Gaming Guru

Howard Stutz
 

Moody's backs Penn National's San Diego Indian casino

28 November 2015

Moody's Investors Service has praised a San Diego-area Indian casino being developed by Tropicana Las Vegas owner Penn National Gaming, which is a key property in the regional gaming company's western push.

The $390 million Hollywood Casino Jamul in San Diego is expected to open in July. Penn National is funding development of the resort and will manage the property for the Jamul Indian Village.

Moody's assigned a B3 rating to the project's $460 million in debt, which will be used to finance the project and repay Penn National. The casino company has a seven-year management contract with the tribe that pays Penn 30% of pre-tax profits and a 1.5% licensing fee for the Hollywood name.

Moody's said the Hollywood Jamul will benefit by being the closest casino to downtown San Diego, a distance of 20 miles.

"The ratings also take into account competition from several large casinos already operating in Jamul's primary market area," said Moody's gaming analyst Keith Foley. "Currently, there are eight competitors in San Diego County, three of which already target Jamul's core market."

Penn National announced the project in 2013. Two years earlier, the company — which operates nearly 30 casinos and racetracks nationwide — acquired M Resort in Henderson. In August, Penn closed on its $360 million purchase of the Tropicana.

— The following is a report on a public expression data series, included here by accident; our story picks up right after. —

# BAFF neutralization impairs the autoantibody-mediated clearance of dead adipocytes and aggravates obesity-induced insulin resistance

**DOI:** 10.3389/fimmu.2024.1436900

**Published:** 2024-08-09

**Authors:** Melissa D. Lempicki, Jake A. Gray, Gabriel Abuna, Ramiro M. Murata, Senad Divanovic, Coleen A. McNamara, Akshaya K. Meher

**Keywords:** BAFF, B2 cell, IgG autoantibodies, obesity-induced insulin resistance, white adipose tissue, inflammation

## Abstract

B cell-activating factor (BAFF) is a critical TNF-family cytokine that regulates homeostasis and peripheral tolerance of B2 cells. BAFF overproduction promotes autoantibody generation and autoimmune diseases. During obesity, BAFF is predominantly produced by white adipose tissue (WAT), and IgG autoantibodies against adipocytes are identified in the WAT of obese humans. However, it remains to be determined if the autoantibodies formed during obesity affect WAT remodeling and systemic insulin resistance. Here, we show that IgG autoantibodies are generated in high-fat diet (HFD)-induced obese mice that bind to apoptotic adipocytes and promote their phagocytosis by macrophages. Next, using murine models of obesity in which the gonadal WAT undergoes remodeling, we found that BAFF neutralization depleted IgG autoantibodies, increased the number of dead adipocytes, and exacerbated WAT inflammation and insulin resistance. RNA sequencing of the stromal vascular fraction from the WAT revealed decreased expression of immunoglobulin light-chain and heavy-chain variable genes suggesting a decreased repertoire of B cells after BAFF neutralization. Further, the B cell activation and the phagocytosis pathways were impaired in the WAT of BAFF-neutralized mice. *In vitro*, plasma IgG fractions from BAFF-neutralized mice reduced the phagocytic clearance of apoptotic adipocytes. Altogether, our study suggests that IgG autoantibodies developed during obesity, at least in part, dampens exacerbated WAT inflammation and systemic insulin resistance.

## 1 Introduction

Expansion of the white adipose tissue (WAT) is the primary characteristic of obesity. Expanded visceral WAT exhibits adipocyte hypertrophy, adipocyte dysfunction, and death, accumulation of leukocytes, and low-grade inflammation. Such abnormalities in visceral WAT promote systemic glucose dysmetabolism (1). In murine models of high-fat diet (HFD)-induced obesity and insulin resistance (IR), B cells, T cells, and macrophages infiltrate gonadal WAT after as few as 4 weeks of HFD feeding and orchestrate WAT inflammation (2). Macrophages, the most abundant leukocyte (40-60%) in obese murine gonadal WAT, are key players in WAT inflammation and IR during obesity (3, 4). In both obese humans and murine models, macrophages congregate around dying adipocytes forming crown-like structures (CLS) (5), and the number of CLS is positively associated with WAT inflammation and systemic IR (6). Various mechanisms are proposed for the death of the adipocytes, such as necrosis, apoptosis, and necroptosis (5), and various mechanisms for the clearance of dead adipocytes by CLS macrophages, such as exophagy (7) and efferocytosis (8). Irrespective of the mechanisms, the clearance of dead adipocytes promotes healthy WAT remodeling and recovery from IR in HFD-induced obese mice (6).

In an interview at the Global Gaming Expo, Penn National CEO Tim Wilmott said the San Diego project was important in developing Penn's Southern California customer base to market both M Resort and Tropicana. Penn plans to spend up to $200 million in upgrades at the 1,500-room Tropicana over the next four years, which will initially involve changing out and expanding the resort's restaurant offerings.

Penn National's player rewards system has a 3 million-member database that Wilmott expects to see increase because of the San Diego resort.

The Hollywood Casino Jamul, located off San Diego's state Route 94, is a three-story development totaling 200,000 square feet with a casino, restaurants and other amenities, but no hotel.

Moody's estimated the property could generate $25 million to $30 million annual cash flow following expenses.

"The project will also benefit from the expertise of Penn," Foley said. "The stable outlook is based on Moody's expectation that Jamul will have sufficient funds to complete the remaining construction, including an additional reserve that extends three months beyond the construction period and the appropriate level of contingencies reserves typically provided for this type of development project."

California's 69 Indian casinos produced slightly less than $7 billion in gaming revenue in 2013 — $6.994 billion to be exact — according to the Indian Gaming Industry Report for Casino City, authored by California economist Alan Meister. The state's casinos accounted for a fourth of the nation's $28.3 billion in total Indian gaming revenue in 2013.
Moody's backs Penn National's San Diego Indian casino is republished from GamingMeets.com.